Volusia County is located in the east-central part of the U.S. state of Florida, bordered by the St. Johns River to the west and the south, and the Atlantic Ocean to the east. The county was founded on December 29, 1854. As of the 2010 United States Census, the population was 494,593. It is the sole county of the Deltona–Daytona Beach–Ormond Beach, FL Metropolitan Statistical Area, which was the 103rd-largest metropolitan area in the United States as of 2010. The county seat is DeLand, and the largest municipality is Deltona.
The county is further listed by the U.S. Office of Management and Budget as part of the Orlando–Deltona–Daytona Beach, FL Combined Statistical Area. This includes the Metropolitan Statistical Areas of Orlando–Kissimmee–Sanford and Palm Coast (Flagler County), as well as the micropolitan area of The Villages (Sumter County). The Combined Statistical Area was estimated to have a population of 2,818,120 in 2010.
Volusia County was named after the then-largest-community, Volusia, when the Florida legislature divided Orange County on December 29, 1854. At the time, Volusia County had as few as 600 residents.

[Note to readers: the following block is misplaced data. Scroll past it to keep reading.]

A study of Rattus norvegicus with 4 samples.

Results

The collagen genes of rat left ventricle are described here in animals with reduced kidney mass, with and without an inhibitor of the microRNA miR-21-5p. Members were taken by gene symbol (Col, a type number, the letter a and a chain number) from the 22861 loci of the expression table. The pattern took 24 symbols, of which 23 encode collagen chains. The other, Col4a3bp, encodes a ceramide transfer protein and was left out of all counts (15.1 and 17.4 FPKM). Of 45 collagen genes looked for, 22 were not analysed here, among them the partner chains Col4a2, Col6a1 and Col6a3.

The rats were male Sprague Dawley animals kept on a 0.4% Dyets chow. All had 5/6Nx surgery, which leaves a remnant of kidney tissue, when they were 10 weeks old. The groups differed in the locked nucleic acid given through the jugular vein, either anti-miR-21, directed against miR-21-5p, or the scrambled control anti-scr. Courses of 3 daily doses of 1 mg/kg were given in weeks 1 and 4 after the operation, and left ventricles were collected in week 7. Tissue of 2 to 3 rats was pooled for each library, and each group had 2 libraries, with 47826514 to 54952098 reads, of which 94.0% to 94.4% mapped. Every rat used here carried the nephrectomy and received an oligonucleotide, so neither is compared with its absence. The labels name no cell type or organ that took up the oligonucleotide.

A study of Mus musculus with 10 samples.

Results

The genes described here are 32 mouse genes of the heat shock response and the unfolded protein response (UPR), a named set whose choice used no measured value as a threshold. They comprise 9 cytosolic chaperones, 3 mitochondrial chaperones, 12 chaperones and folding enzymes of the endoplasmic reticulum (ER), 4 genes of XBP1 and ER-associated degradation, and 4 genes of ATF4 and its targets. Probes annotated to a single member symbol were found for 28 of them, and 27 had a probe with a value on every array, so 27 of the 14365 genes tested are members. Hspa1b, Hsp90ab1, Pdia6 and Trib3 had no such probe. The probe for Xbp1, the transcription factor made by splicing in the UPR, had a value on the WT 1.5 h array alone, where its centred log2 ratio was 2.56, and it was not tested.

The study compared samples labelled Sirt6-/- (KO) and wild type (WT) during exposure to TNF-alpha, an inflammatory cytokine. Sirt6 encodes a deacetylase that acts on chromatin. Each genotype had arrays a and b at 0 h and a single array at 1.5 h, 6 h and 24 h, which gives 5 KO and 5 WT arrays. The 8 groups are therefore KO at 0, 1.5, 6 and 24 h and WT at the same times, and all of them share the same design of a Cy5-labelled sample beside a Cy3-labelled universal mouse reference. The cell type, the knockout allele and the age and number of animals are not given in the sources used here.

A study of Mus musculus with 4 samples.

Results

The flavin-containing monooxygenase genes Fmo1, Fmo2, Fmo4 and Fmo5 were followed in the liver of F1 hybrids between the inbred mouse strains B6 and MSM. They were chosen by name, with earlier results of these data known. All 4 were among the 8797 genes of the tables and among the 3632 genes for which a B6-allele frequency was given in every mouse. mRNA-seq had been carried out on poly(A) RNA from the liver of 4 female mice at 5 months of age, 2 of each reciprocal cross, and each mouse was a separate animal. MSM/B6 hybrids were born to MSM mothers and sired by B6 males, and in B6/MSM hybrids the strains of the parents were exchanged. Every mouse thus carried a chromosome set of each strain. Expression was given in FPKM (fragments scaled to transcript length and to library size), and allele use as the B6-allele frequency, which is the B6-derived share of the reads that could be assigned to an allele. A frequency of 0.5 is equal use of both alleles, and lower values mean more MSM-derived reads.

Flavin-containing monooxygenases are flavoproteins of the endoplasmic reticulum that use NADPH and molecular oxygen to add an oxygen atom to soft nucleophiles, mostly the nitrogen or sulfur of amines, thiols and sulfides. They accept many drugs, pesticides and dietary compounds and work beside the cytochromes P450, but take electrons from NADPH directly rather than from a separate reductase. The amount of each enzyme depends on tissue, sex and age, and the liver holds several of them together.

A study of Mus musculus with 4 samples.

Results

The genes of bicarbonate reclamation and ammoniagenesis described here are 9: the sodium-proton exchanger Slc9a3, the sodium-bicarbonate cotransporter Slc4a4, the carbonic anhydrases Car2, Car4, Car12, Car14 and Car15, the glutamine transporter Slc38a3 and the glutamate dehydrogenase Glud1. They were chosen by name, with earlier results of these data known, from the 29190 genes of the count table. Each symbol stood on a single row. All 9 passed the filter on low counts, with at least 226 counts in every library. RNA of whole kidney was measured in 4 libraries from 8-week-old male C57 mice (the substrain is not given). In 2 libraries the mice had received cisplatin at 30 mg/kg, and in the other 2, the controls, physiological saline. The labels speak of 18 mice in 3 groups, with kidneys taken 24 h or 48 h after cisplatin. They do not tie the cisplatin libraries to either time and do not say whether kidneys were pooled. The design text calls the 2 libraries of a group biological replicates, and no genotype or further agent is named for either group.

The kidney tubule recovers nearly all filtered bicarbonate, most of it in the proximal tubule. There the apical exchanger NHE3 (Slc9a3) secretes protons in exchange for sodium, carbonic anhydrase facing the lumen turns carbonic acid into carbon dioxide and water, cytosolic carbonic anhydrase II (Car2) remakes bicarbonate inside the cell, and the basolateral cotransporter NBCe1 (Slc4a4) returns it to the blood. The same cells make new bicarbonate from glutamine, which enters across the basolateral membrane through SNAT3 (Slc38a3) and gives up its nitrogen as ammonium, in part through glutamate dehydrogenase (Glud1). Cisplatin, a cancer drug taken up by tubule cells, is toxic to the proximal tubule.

The origins of the word "Volusia" are unclear, though there are several theories:
The land area of present day Volusia County was inhabited by the indigenous Timucua, and Mayaca people . Neither group exists today as distinct racial entities, having been decimated by war and disease after contact with European settlers. Evidence of their habitation can still be seen in various areas of Volusia County such as the large shell middens at Tomoka State Park.
During the British occupation of Florida, a failed colony was started in southeast Volusia County by Andrew Turnbull, known as New Smyrna. This colony was connected to St. Augustine, the capital of East Florida, via the Kings Road. After the failure of the colony the settlers, many of Minorcan heritage made the journey to live in St. Augustine.
The Seminole Indians, descendants of the Creek tribe of Alabama and Georgia who resisted forced relocation to Indian Territory also camped in various parts of Volusia County. During the Second Seminole War (1836–1842) a large sugar plantation in what is today the city of Daytona Beach was burned by the Seminole.